You Hurt My Feelings
It’s natural to want to support those you love, even if that means bending the truth to protect their feelings. In Nicole Holofcener’s aptly titled You Hurt My Feelings, the writer-director asks whether it’s better to simply be honest to the people we care about, ultimately questioning if lying does more harm than good. These questions are raised when Beth (Julia Louis-Dreyfus) discovers that her therapist husband, Don (Tobias Menzies), has secretly hated the book she’s been working on for the past two years despite having sung its praises to her to stay encouraging.
Holofcener explores this premise with a tender sense of humanity and sincerity, as each of the characters come to recognise that they may not be as successful in their endeavours as they’ve been led to believe by those around them. However, before the film can get to the meat of its subject matter, viewers are forced to endure a sluggish and generally unamusing opening act that takes too long to set events in motion.
The first half hour of the film is dedicated to introducing audiences to the small collection of characters and their situations. It gives a snapshot of Beth and Don’s endearing marriage alongside their relationship with their 20-something son (Owen Teague). There’s also Beth’s designer sister (Michaela Watkins) and her actor husband (Arian Moayed), as well as Beth’s relationship with her snooty mother (Jeanie Berlin), and the handful of Don’s patients. These opening scenes play out more as a series of disjointed vignettes of awkward comedy sketches than a coherent first act.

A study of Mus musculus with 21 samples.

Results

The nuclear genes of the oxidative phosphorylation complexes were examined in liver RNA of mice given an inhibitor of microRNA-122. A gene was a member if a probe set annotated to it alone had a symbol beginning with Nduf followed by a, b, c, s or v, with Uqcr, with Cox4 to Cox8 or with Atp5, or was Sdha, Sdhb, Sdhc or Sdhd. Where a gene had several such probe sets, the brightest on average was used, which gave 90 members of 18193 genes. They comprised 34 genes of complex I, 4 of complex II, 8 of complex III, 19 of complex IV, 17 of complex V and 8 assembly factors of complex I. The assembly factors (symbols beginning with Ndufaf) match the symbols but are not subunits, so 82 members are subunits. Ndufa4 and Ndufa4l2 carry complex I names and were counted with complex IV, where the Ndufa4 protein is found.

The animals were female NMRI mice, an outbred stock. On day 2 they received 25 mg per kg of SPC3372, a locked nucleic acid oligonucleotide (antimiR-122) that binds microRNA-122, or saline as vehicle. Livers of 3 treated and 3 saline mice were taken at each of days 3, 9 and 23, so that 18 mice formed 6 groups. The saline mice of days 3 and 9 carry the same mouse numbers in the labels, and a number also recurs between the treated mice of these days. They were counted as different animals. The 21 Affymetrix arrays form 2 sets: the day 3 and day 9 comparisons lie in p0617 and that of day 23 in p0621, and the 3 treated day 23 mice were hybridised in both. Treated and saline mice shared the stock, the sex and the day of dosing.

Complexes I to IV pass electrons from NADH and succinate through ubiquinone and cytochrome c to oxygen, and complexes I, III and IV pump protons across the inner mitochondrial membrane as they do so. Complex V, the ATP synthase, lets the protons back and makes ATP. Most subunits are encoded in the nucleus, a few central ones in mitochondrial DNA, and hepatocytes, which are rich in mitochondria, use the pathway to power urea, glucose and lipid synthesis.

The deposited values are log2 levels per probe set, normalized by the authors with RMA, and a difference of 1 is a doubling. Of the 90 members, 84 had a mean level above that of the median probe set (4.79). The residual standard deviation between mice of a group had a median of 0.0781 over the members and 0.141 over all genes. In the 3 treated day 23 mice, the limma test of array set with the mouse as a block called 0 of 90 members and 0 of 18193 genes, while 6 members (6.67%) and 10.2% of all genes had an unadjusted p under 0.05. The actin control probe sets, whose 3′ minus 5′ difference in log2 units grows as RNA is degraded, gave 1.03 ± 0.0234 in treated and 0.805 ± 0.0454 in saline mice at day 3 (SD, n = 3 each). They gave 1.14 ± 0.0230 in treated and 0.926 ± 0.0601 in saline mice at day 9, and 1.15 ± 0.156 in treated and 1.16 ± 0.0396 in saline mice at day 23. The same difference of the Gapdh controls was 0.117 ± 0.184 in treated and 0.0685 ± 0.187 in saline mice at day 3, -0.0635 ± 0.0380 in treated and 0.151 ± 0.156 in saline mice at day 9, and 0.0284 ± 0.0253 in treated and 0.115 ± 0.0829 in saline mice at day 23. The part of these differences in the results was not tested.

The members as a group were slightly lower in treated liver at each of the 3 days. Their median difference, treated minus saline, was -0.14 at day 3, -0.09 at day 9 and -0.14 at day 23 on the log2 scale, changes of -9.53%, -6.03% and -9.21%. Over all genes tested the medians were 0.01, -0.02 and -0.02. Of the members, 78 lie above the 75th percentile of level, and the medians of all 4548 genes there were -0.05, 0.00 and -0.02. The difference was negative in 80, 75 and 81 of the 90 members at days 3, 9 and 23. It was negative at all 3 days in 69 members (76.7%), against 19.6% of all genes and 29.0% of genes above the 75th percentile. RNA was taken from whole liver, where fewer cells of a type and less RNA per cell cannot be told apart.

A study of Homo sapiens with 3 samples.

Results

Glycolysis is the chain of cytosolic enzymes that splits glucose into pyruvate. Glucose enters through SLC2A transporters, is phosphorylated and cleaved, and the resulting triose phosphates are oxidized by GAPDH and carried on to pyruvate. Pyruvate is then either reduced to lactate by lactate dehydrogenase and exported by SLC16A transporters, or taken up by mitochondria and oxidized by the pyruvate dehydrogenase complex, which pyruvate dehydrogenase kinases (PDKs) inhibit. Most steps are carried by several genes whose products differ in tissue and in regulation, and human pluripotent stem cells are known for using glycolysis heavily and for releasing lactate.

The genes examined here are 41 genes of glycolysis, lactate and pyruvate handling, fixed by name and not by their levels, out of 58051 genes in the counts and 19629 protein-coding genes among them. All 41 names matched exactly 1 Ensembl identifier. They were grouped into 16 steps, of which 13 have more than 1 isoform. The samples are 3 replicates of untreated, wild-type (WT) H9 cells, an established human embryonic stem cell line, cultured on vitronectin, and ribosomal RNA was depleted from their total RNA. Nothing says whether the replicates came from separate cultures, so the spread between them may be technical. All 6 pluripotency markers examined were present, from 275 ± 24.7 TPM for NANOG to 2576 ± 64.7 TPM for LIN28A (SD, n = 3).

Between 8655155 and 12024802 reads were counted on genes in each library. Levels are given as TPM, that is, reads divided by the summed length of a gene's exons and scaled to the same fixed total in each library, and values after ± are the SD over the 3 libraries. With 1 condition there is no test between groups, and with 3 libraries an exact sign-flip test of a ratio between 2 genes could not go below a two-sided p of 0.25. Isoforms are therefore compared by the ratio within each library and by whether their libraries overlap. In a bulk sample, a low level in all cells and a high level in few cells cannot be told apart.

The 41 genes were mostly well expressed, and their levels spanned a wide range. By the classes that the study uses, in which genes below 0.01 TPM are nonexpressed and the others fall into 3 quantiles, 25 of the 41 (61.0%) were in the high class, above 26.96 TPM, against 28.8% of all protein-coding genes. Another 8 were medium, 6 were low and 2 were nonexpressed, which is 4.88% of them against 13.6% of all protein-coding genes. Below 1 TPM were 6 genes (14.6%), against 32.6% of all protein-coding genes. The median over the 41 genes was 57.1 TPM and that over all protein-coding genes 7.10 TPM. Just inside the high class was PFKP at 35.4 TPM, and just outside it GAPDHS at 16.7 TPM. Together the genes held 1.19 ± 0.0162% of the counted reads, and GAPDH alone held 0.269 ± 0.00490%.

It’s only when the penny drops for Beth that this film comes into its own – and it’s worth the wait. The filmmaker navigates each of the characters’ dilemmas with a charming mixture of humour and thought as she gradually picks at the script’s central questions. This philosophical journey is made all the better by how confidently understated this flick is in terms of its presentation and central performances. Consequently, the comedy and drama develop naturally, culminating in a conclusion that neatly and satisfyingly ties up everything the first 30 minutes laid out.
Despite beginning on the wrong foot, You Hurt My Feelings nevertheless blossoms into a smart and insightful comedy about telling the truth in relationships.
You Hurt My Feelings is released nationwide on 8th August 2023.